This afternoon a staff member walked up to me and said: “Tomaz, I have been meaning to see you about Moodle. You really need to teach me about how to use it.”
This of course is music to my ears as the resident moodler. But then I returned what is now becoming a standard line and a sure tickler: “I couldn’t possibly!”
She stood there stunned but polite. Huh, did I get her attention.
I did continue:”I would love to have a chat with you about Moodle and show you around but first – have a look in our Sandpit what Moodle is [the "Moodle explained with Lego" clip] and then the sort of things you can do with it [the 'How can Moodle change a school] clip(s)]. This will give you a broad idea about Moodle before starting to poke around. When done, come up to me with a classroom problem and we’ll solve it together, step by step. How does that sound to you?”
“See you on Monday at the workshop!” was the immediate and enthusiastic reply.
Too often we approach teaching of things like software applications with a “these are the features, click here, click there…” and then leave it to people’s imagination how they are going to use it. Doing so, we tend to break one of the most important rules of communication – we make it about the software not about the people. We own the information, they merely borrow it.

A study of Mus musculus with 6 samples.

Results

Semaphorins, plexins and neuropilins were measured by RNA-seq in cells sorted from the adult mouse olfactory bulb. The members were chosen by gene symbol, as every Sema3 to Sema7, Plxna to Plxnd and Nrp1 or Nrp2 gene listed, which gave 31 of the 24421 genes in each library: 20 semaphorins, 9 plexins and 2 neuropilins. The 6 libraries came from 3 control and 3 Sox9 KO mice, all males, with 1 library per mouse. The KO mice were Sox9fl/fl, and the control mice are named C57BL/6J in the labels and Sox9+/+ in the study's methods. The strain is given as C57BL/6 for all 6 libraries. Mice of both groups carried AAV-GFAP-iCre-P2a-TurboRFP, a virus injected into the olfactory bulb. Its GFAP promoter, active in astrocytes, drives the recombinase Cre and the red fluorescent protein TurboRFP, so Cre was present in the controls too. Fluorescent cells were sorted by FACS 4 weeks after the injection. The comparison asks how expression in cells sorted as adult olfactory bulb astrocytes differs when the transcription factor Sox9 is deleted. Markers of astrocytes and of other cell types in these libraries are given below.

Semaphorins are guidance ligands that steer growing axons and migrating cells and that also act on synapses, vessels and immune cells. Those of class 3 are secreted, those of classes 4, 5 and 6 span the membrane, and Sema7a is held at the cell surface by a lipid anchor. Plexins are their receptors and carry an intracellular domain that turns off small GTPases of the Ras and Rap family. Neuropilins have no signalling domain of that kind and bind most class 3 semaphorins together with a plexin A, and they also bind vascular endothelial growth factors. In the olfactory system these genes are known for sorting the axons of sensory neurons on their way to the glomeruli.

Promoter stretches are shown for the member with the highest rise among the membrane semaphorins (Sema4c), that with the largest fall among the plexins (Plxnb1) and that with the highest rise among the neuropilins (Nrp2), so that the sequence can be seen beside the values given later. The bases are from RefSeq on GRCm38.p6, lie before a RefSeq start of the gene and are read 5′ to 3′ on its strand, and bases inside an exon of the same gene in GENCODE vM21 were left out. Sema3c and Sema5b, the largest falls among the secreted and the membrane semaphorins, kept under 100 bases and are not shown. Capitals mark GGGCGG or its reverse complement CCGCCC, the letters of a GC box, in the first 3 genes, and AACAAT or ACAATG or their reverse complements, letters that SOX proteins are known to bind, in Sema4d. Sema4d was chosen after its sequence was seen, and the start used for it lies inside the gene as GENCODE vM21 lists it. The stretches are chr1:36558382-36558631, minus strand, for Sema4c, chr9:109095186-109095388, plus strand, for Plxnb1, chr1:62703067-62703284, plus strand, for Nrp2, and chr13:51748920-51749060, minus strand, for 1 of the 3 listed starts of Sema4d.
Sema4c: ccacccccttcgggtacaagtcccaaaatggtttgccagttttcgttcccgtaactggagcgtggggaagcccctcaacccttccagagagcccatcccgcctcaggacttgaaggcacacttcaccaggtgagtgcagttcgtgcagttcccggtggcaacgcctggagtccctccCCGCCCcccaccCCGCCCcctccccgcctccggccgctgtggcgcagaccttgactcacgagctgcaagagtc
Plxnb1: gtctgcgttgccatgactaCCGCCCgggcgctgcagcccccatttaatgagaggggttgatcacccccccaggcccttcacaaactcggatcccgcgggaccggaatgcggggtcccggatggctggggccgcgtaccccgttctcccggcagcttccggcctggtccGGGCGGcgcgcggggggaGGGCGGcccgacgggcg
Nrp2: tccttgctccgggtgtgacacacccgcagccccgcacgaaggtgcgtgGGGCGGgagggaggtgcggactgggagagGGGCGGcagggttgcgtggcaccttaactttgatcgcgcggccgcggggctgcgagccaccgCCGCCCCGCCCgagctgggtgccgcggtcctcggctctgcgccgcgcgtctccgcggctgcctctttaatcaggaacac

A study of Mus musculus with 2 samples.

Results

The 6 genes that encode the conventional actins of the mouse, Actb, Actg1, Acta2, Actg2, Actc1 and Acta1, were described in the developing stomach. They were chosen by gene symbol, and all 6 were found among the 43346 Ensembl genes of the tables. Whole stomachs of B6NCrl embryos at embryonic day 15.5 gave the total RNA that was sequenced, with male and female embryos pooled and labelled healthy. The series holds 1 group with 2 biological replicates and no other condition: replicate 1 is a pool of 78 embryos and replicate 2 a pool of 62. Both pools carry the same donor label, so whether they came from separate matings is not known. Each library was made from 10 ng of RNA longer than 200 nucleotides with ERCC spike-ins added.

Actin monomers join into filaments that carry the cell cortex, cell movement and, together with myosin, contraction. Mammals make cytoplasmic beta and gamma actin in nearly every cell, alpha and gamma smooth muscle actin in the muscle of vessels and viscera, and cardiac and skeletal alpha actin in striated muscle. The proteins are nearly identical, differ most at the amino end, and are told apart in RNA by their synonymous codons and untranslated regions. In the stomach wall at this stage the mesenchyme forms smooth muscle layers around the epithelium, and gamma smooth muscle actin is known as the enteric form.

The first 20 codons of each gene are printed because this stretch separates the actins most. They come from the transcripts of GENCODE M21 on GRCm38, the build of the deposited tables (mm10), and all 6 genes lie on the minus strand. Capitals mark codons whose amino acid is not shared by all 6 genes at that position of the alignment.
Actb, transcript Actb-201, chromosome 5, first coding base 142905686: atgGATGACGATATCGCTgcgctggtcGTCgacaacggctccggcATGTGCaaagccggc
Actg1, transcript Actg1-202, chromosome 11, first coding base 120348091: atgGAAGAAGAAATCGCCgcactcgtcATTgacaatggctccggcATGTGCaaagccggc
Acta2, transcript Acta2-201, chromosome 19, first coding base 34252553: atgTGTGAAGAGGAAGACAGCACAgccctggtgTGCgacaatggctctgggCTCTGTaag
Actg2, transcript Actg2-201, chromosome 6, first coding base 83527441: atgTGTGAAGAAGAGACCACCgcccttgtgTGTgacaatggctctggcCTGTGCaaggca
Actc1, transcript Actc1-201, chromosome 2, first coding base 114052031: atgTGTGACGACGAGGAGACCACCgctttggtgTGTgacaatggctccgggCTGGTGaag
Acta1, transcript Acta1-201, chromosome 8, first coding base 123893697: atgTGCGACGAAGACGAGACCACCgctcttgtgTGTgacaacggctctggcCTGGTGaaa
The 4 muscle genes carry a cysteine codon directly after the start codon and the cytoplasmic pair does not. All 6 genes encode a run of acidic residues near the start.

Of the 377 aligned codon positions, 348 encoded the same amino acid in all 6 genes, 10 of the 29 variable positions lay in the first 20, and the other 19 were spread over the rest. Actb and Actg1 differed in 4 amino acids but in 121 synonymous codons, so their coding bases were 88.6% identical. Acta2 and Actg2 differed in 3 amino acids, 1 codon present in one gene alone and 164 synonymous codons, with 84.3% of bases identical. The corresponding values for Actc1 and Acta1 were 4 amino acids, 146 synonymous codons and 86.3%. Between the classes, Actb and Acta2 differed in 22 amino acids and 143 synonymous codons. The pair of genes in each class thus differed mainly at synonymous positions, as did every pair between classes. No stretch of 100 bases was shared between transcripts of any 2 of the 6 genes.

By turning things around and solving a real-life classroom scenario, challenge, problem, idea people suddenly own the solution. They recognise themselves in the picture – “Hey, that’s me”!
Teachers are a very pragmatic lot and love to borrow good stuff. Give’em a good one in Moodle and they will come! If a science teacher has a great solution using Moodle for a problem or idea her class and say, an English teacher sees it and ‘gets it’ – you can bet the English teacher will at least try or ask how to go about it. And coming from a colleague and a fellow ‘struggler’ is a much more powerful thing than coming from the school’s main Moodle peddler like me. The bigger the struggler the more potent the message, even at the subconscious level (“If she can do that I reckon I can do that too!”).
‘Classroom solutions (with software)’ versus ‘Software solutions (in classroom)’. I know which one a regular chalkie would go for and why. Do you?